What is Airbnb?
Airbnb is a very social booking platform that can be very useful to connect your hostel with potential guests. It isn’t just for private holiday homes or B&B’s. Airbnb appeals to a wide variety of demographics: business travelers, long term digital nomads, and backpackers who are doing their homework on all the possible accommodation options before giving their credit card details.
Hostels have generally reported that Airbnb guests match their target demographic better because these guests tend to be more social than guests from traditional OTAs.
There are also good opportunities to interact with your Airbnb guests before the booking. In fact, Airbnb encourages communication in advance of the booking which is different than other OTAs who have a "take whatever guests we give you attitude". This extra step in the booking process goes a long way in helping you achieve a lively and community-based atmosphere in your hostel.
But will people book a hostel via Airbnb?
The short answer is yes! To give an example, Pacific Tradewinds Hostel has been using Airbnb since 2011, and no longer uses the bigger OTA’s. For this hostel, during the first year of being a host, the Airbnb guest numbers were maybe one or two a week. But after seven years, Airbnb has become a huge contributor to PTW’s guest list. So much so that it is necessary to check Airbnb email interactions at least ten times a day.
However, this is also a concern. The hostel owner or manager should be wary of any marketing or reservation source that produces more than 25% of their bookings. When you become too reliant on a single source of guests, something can change and the hostel is left scrambling to make up the loss. For example, in 2017 Pacific Tradewinds Hostel was left scrambling for a solution when Airbnb begin auto-filtering results in favor of Instant Book hosts.
This is another reason why direct booking is always best for your hostel!
Things to consider
- Time Management: If you want to have a successful Airbnb hosting experience, one that could give your hostel lots of great reviews that you can then use on your own website, then you will need to consider time commitment.
Airbnb does require a little more work than other OTAs, because unless you have Instant Bookings turned on, a guest cannot just book your property without messaging you first. As stated before, the messaging is a great way to get to know the guest; however, email is more time consuming than direct or phone call reservations. So you will need to factor that into your time management.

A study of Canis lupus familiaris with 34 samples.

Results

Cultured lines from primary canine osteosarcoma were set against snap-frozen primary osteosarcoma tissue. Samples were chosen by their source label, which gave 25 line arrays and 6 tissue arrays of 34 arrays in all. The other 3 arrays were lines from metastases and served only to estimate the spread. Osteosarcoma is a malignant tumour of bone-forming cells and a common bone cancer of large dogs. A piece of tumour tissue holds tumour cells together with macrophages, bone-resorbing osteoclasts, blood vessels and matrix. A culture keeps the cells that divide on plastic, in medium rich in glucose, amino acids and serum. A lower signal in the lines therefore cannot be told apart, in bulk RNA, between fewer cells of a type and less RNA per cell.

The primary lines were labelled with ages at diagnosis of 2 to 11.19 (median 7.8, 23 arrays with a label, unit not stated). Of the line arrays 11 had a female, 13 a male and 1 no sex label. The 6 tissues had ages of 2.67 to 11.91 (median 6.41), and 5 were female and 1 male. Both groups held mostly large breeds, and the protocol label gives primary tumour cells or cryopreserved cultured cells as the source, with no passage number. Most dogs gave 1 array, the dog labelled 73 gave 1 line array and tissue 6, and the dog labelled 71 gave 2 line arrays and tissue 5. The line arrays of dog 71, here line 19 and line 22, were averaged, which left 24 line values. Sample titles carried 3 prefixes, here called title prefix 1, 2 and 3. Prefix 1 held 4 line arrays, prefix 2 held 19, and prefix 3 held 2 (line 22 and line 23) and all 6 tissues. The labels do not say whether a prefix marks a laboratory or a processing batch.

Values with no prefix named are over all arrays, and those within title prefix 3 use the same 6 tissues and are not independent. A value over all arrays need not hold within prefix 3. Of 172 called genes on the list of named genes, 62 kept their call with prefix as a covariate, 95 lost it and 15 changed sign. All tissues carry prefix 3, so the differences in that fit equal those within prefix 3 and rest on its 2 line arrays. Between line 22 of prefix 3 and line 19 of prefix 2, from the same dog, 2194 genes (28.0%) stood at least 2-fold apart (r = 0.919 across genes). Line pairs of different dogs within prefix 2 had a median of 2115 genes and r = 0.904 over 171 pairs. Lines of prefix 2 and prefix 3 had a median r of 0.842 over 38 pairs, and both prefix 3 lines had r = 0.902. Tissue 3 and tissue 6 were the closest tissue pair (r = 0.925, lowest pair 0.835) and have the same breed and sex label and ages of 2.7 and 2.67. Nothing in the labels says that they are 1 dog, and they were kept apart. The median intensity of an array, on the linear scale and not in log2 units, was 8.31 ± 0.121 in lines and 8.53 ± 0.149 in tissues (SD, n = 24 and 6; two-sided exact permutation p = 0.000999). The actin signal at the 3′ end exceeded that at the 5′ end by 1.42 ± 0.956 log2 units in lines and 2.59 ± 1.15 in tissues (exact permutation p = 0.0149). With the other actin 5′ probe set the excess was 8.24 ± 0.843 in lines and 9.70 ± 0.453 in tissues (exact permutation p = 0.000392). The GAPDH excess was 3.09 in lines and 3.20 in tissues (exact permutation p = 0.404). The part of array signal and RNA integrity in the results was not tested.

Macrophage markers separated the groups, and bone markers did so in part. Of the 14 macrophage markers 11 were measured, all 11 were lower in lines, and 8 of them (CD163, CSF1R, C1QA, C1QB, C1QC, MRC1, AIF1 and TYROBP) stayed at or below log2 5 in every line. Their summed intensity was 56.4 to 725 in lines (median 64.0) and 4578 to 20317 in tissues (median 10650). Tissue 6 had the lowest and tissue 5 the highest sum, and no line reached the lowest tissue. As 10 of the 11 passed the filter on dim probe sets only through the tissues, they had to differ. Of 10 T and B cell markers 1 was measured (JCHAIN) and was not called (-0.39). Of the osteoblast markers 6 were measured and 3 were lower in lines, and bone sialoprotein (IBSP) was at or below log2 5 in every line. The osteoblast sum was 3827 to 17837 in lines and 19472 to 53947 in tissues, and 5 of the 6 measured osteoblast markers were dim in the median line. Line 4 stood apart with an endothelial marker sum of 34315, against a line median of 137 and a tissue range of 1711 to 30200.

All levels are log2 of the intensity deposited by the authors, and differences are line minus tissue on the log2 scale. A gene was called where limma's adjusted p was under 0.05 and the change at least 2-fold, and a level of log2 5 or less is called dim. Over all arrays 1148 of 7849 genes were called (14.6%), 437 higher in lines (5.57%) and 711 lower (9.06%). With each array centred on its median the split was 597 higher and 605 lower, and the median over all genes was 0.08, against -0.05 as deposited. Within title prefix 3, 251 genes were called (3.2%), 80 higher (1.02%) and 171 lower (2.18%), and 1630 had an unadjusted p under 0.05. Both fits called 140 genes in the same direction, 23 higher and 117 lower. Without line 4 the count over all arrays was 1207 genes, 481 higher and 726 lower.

- Channel Manager Integration: Also, due to the lack of what Airbnb calls "Representative Listings" and due to their lack of APIs, it's not easy to integrate Airbnb with any Channel Manager or PMS system for dorm room accommodations. We have not found a way to have a representative listing on Airbnb that represents the actual number of available beds in a hostel. So, make sure that if the guest has booked 2 persons that you have 2 beds to put them into. Otherwise, you may overbook your hostel.
Because Airbnb does not integrate well with hostel PMS systems, you may need to manually enter these reservations into your PMS system. However, for smaller hostels, this is usually not a huge task.
Until this shortcoming is fixed at Airbnb, only the following types of hostels are likely to benefit from listing their dorm rooms on Airbnb:
- Hostels located in areas that do not have a lot of Airbnb hosts already
- Hostels that have low occupancy and are generally not concerned about overbooking
- Small hostels that can manage the additional work
- Laws: One more very important aspect to investigate before you sign up with Airbnb is the law and any restrictions in the area your hostel is located. Recently, there have been some super strict laws and taxes implemented on proprietors, and hefty lawsuits filed at Airbnb from various European Countries.
Airbnb does have some helpful information on their site regarding laws. However, it pays to do some more research within your region and even to speak with your lawyer before you get hit with a fine.
For example, in San Francisco, Airbnb works with the city to collect a hotel tax called TOT. This is fine for your typical Airbnb host; however, depending on their location, commercial hotels and hostels are also required to collect other hotel taxes called TID and MED. This needs to be calculated and paid individually by the hostel.
“The host service fee for accommodation is generally 3%, but may be higher for hosts in Italy or hosts who have a Super Strict cancellation policy. This fee is calculated from the booking subtotal (the nightly rate plus cleaning fee and additional guest fee, if applicable, but excluding Airbnb fees and taxes) and is automatically deducted from the payout to the host”
Guest Service Fee
“The guest service fee ranges between 0% and 20% of the booking subtotal (the nightly rate plus cleaning fee and additional guest fee, if applicable, but excluding Airbnb fees and taxes) and is calculated using a variety of factors—these include the reservation subtotal, the length of the stay, and characteristics of the listing.
In general, the service fee gets lower as the reservation cost gets higher. Guests see this fee on the checkout page before they book a reservation.
If Airbnb is required to collect VAT, the service fee and VAT amounts will be combined on the checkout page, which could make the service fee appear to be higher than 20%.”
Airbnb Guest Service fees can be significant but most guests who book on this platform don't seem to mind.
Do you use Airbnb for your hostel and is it useful? Have you had any roadblocks or problems with using them? And how have you dealt with the problems?
We have more articles about other OTA's, if you are keen to compare them.